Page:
1898-99 James Hill Prototype

This lantern is a unique one. In 1898 James Harvey Hill, who was at the time superintendent of the W.W. Chown & Co, filed for and got his first patent for lanterns in Canada. He filed that for that patent January 18th, 1898. It took over a year until the patent was granted, May 29, 1899. This patent was for a cold blast lantern. One that was hinged at the bottom of the tubes, to open the lantern the user would hinge the top of the lantern including the globe, which would give access to the burner and wick. Much like how a E.T. Wright A. Hinge lantern worked. Jame’s lantern design was quite different than lanterns elsewhere. This one had square tubes, with corners bent twice at 45 degrees, “coffin corners” as they’re referred too by collectors now.

Only a short time before that first patent was issued, on April 15th, 1899, James Hill filed for another patent. This was a revised and improved version of his first patent. It too was granted and issued on March 31st, 1900. This patent retained many of the designs of the first patent, same square tube coffin corners, same chimney, fount, crown, etc. What was new was the lift and the globe plate. The lift was based closely on J.H. Stones hinge design. Keeping in mind Stone lanterns were made at the factory James was the superintendent of. Two pins connected to the globe plate slid into tubes going through the fount. Using the bail to press against the globe guards and lifting up from the bottom of the globe plate, it would lift the globe up away from the burner. The other change was to the globe plate. It was now ‘fluted’ as James described it. This meant cold air would be brought up and pushed against the globe, keeping the glass cooler.

So where does this lantern fit into all of that? Well it’s not hinged like the first patent, but also doesn’t have the lift or fluted plate of the second. It has instead a typical Stone style hinged base like the Stones short Tubular, and the globe plate has rough punched holes on one side of the globe plate. The globe plate is most definitely a factory part as it exactly matches other Chown globe plates used until the fluted globe plate came along. It is also stamped on the chimney “PAT. APD FOR”. The reason for the lacking and not fully developed parts, is that this lantern is a prototype. More specifically a shop made prototype likely done by James Hill himself as he was developing his second patent. The fact the lantern says patent applied for, but not lists a patent date, means this lantern dates to between January 18, 1898, when James applied for the first patent, and when it was received May 29, 1899.

First ad for the Defiance Cold Blast put out by W.W. Chown & Co. Circa 1900

There are no records of the W.W. Chown & Co. company selling this design of lanterns. All records and advertising point to the first year of production of cold blasts being 1900 for the company. Coinciding with the creation of the Defiance Lantern & Stamping Company, formed by James Hill and his Brother-in-Law William Chamberlain Embury. That lantern they released has round tubes made off the Kemp ‘stove pipe’ patent and a different Chimney. DL&S also never made this style of lantern, the first lantern produced by that company had rounded crimped ends tubes.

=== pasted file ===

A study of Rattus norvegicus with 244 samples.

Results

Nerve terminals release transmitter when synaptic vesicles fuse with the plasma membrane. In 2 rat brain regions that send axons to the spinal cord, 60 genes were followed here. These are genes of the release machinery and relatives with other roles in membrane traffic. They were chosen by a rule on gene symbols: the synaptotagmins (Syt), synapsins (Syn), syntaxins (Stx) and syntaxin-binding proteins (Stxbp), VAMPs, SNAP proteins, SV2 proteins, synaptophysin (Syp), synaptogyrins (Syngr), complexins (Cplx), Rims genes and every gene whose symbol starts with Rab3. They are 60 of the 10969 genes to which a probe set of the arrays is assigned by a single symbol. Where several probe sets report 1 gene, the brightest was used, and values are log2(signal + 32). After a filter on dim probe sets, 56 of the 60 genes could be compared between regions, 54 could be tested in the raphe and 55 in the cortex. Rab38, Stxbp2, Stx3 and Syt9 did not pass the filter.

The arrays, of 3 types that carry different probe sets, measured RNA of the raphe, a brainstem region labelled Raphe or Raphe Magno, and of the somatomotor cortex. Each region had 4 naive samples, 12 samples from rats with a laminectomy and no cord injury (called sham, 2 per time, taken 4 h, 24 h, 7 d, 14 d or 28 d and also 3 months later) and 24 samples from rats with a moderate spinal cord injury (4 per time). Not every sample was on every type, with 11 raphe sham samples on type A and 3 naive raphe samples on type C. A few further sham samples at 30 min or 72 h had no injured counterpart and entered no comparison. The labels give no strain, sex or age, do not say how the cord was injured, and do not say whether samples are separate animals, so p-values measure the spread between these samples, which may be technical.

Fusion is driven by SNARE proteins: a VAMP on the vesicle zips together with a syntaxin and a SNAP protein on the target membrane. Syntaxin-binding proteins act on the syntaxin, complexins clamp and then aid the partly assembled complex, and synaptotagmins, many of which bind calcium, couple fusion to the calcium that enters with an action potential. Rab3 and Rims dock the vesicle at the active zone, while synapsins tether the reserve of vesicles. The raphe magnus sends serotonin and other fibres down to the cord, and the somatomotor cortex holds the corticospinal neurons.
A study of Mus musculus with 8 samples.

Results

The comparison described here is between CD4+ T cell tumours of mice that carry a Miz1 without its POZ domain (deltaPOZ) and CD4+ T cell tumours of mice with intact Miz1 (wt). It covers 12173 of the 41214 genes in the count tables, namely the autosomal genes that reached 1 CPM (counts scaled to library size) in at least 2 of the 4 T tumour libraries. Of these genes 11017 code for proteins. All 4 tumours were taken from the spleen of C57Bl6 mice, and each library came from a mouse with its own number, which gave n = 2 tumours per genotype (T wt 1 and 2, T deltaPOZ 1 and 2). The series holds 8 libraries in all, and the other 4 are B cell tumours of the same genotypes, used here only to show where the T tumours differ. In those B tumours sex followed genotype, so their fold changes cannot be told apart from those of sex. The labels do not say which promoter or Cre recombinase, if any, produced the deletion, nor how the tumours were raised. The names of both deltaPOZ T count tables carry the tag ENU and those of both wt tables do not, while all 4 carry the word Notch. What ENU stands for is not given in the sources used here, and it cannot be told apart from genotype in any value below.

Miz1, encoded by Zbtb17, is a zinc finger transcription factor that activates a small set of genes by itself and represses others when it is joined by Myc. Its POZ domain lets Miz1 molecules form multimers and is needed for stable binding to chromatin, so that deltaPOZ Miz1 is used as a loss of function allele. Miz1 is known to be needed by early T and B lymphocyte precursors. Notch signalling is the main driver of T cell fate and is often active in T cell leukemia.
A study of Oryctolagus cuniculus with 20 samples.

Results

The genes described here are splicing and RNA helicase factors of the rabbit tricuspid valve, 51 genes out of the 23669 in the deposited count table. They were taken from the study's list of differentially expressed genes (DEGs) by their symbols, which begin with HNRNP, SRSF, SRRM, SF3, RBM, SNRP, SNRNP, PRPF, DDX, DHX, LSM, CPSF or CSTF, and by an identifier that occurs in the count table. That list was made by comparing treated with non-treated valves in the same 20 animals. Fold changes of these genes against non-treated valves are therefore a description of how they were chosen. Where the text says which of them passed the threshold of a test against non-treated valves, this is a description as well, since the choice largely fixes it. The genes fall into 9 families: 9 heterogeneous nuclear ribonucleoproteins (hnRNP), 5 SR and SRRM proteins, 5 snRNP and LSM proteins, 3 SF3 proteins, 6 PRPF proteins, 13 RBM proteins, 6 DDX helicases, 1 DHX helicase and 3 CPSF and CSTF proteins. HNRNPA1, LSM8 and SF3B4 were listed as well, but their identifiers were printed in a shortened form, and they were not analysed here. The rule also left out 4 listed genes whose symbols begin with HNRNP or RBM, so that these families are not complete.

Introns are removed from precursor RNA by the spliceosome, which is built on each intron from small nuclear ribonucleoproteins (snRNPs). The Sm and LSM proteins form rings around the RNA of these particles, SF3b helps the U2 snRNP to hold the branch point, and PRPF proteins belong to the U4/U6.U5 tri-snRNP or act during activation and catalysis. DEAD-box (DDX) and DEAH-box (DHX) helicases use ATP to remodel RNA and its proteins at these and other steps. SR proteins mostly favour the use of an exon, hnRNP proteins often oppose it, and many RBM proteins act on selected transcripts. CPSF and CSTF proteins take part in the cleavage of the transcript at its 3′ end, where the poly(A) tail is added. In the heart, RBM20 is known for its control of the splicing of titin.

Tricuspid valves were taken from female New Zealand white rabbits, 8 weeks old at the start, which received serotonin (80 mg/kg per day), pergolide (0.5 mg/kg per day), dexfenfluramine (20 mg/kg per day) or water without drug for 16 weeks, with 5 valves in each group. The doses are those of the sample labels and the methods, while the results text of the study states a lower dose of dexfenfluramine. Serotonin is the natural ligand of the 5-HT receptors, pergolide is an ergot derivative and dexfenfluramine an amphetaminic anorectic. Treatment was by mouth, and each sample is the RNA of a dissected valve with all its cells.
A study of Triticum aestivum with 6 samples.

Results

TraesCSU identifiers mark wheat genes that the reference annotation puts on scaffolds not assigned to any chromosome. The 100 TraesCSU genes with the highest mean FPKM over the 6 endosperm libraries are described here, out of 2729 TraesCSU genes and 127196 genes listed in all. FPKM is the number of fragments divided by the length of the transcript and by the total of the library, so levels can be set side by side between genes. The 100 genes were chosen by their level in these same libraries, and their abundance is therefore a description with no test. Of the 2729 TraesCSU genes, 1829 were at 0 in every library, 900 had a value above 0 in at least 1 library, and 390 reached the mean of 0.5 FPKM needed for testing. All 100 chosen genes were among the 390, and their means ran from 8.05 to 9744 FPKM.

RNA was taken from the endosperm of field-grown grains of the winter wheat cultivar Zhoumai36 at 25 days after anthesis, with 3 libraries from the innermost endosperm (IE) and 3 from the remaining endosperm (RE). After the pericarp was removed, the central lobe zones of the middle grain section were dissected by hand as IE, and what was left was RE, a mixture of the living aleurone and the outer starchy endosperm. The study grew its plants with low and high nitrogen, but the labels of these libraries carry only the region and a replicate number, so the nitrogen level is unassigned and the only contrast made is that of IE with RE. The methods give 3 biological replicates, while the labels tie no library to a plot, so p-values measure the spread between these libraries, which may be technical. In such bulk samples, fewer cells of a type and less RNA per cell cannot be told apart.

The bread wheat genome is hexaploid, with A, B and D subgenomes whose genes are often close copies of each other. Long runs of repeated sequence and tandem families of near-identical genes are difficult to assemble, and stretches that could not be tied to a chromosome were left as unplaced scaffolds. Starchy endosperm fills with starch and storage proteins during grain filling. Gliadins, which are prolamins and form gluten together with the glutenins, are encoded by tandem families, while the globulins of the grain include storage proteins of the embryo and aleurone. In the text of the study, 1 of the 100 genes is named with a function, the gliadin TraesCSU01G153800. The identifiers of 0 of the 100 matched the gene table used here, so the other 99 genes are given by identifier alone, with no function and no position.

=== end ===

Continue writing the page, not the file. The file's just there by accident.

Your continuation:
Those two patents James Hill were used by him and Embury to secure the funding needed for the pair to start DL&S. From of the success of that company came the Embury Lantern Co., what would become the second largest lantern company in America. This lantern is a prototype made while developing a patent that would spark the beginnings of the second largest lantern company in America.


  • mel zaloudek

    Interesting backstory:
    my researched article in the Sept. 2005 RUSHLIGHT CLUB journal is a full chronology of Hill, Embury, Chown Mfg., the city of Belleville, the patents themselves, and the subsequent founding of Defiance Lantern & Stamping Co. (as a CANADIAN corporation) in Rochester NY….the Belleville Public Library, which very graciously aided my research, possesses a copy of my article….very little of this lantern history was previously known…..living Embury family members who i contacted at the time had no idea why deceased relatives were buried in a Belleville cemetery, unaware that William and his father (along with James Harvey Hill) had moved there for employment at Chown, prior to their relocating to Rochester for the new venture of D.L. & S. Co….

    As a lantern collector and historian in the Chicago area, my acquisition some 20 or so years ago of nearly identical Chown and early DL&S Hill-patented tubular lanterns was my moment of epiphany into the long forgotten connection between 2 different lantern makers in 2 different cities in 2 different countries quietly working in tandem, as one….”long forgotten” no more….

    • Drew Goff

      Hi Mel, sorry for the late reply. A friend from out in California sent me your RushLight article a while ago and it was helpful in my research into Chowns. It’s true, the beginnings of Defiance and Embury are entirely tied to the Chown family of Belleville. I’ve been able to find directories from the area, that show Hill working at the Chown factory as the superintendent. I’m not sure Embury’s role, but he was undoubtedly working there as well. I know he briefly worked with Kemp and maintained some degree of relationship with Kemp after moving to Rochester. I’d love to be able to chat with you more. Send me a note through my contact page if you want to chat more.